Australia's premier cyber security agency has released plans to leave ASIO's headquarters for larger, lower security premises, two years since it first moved into the custom-designed building.

The hurdles to gaining clearance to work in or even visit the Australian Cyber Security Centre in the highly classified Ben Chifley Building hindered the organisation's recruitment and collaborative goals, a Department of Defence submission to the parliamentary committee evaluating the proposal said.


If approved, the centre's new headquarters would incorporate multiple security clearance levels, a mix of classified, unclassified and public meeting rooms, and space for a major expansion of its workforce to about 650, flagged in this year's Cyber Security Strategy.

The centre, currently made up of about 260 cyber security specialists from Australian Signals Directorate, the Attorney-General's Department, ASIO, the Australian Federal Police and the Australian Crime Commission, began operating on November 27, 2014 and was the first tenant to move into the Ben Chifley Building.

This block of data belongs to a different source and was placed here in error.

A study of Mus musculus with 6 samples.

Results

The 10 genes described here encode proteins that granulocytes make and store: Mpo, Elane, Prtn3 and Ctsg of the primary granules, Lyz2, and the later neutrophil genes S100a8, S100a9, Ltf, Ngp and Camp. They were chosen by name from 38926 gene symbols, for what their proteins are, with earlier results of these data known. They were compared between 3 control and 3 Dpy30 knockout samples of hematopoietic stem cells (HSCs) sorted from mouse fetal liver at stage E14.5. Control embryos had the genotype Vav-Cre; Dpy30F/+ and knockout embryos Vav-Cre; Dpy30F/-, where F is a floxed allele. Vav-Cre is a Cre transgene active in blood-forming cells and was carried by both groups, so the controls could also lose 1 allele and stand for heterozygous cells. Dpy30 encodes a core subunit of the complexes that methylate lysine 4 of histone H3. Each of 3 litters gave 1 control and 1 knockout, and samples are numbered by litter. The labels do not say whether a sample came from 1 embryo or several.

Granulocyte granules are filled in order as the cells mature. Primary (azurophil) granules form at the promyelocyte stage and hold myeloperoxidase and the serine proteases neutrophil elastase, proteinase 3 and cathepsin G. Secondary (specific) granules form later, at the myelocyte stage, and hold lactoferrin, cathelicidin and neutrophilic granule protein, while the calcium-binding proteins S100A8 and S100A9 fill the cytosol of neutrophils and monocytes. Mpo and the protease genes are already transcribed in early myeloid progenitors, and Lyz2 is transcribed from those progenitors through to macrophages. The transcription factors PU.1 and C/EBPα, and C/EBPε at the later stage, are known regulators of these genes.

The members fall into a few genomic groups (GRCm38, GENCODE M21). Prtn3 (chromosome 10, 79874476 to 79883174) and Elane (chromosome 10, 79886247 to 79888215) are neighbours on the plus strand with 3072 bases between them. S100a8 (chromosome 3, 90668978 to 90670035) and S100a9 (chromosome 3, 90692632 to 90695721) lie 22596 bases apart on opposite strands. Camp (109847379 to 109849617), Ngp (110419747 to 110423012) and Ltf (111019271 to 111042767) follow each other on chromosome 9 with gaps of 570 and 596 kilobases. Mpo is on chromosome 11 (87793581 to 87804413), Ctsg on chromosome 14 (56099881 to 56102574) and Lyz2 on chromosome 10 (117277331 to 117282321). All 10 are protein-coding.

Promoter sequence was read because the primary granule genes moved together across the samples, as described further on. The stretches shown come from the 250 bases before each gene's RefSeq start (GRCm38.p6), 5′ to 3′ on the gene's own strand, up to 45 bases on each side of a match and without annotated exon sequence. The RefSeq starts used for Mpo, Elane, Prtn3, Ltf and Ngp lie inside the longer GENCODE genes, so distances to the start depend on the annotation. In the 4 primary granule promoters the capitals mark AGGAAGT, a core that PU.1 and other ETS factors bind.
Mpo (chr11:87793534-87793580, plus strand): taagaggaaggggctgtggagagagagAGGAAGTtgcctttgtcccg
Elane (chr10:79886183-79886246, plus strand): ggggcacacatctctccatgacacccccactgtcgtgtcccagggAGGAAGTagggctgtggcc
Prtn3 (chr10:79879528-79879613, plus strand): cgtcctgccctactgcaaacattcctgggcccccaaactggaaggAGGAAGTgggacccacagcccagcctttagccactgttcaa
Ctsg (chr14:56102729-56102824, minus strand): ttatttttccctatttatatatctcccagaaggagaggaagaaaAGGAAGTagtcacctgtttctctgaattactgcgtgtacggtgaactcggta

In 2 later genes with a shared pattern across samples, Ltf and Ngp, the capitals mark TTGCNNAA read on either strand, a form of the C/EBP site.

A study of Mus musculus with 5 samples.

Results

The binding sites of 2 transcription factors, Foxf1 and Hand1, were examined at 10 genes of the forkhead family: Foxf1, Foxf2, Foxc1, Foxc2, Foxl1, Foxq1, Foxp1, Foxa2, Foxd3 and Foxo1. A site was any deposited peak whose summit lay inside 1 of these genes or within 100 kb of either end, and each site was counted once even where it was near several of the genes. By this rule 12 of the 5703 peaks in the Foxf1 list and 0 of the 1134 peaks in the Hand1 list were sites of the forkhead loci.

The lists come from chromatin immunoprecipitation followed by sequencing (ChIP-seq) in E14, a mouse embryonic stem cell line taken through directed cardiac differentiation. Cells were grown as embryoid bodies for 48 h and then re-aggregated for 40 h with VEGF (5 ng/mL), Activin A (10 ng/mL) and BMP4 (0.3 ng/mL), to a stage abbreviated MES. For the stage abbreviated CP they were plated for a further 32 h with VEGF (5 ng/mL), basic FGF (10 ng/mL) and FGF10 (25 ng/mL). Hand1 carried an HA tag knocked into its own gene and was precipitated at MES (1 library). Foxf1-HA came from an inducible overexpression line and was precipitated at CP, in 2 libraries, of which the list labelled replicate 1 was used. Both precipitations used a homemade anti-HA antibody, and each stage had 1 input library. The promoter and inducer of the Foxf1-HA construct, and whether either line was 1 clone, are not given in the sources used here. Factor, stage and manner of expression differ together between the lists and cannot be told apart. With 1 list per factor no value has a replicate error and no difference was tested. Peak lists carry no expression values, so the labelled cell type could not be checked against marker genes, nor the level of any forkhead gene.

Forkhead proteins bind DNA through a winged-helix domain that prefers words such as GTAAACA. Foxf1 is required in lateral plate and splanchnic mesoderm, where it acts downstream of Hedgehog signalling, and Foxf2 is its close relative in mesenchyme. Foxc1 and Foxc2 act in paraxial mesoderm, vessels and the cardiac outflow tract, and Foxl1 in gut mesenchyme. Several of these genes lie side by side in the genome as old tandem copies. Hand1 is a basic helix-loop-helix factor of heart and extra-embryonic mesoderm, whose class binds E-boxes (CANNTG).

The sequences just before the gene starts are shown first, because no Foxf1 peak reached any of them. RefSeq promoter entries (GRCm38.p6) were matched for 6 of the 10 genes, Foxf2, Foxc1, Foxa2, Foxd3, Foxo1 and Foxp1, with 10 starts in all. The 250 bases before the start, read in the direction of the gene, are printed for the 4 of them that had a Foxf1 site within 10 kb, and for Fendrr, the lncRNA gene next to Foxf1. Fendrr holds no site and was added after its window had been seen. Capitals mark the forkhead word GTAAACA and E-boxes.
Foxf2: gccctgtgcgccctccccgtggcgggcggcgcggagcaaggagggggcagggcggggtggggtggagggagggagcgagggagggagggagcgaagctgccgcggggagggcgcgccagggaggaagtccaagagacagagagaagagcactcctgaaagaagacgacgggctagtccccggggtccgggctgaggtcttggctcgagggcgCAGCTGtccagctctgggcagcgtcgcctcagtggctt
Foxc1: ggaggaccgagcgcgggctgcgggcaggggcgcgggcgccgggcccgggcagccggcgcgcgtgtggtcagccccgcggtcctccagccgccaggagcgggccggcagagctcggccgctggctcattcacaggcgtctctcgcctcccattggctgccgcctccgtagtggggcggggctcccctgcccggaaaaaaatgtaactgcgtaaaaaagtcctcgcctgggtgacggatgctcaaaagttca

But the Defence submission said the classified nature of the building had impeded the centre's ability to collaborate with businesses and researchers, a core element of the Cyber Security Strategy.


The strategy, released in April, stipulates that "organisations need easy and consistent interfaces with government agencies on cyber security" and mandated that the centre move to a new location.

"The need for private industry partners to obtain security clearances – and even the overheads associated with organising visitor entry for short-term visits – currently make achievement of the government's intent considerably more difficult," the submission said.

"Cyber security skills are in short supply and high demand ... very few people with the requisite skills will be prepared to wait for a role with ASD, particularly when private industry is able to offer very attractive remuneration."

The building has had a chequered history, including delayed construction, reported security breaches and a $200 million budget blowout.

Most of ASIO's estimated 1800 staff had moved into the $700 million building by 2015, two years behind schedule.

At least 21 smashed glass panels and malfunctioning alarms have also damaged the building's reputation.

Most of the work of the Australian Signals Directorate with the agency could be handled in a lower security environment, the Defence submission said, with its classified status seen as more of a "legacy".

It pointed to Britain's National Cyber Security Centre, which is being built in London as a mostly unclassified facility, as a comparison.

Depending on when it is approved, the ACSC's new headquarters could be completed by the end of 2017, with initial workers moving into the building from June.

The Parliamentary Standing Committee will accept submissions on the proposal until January 13, with public hearings expected to take place later in the new year.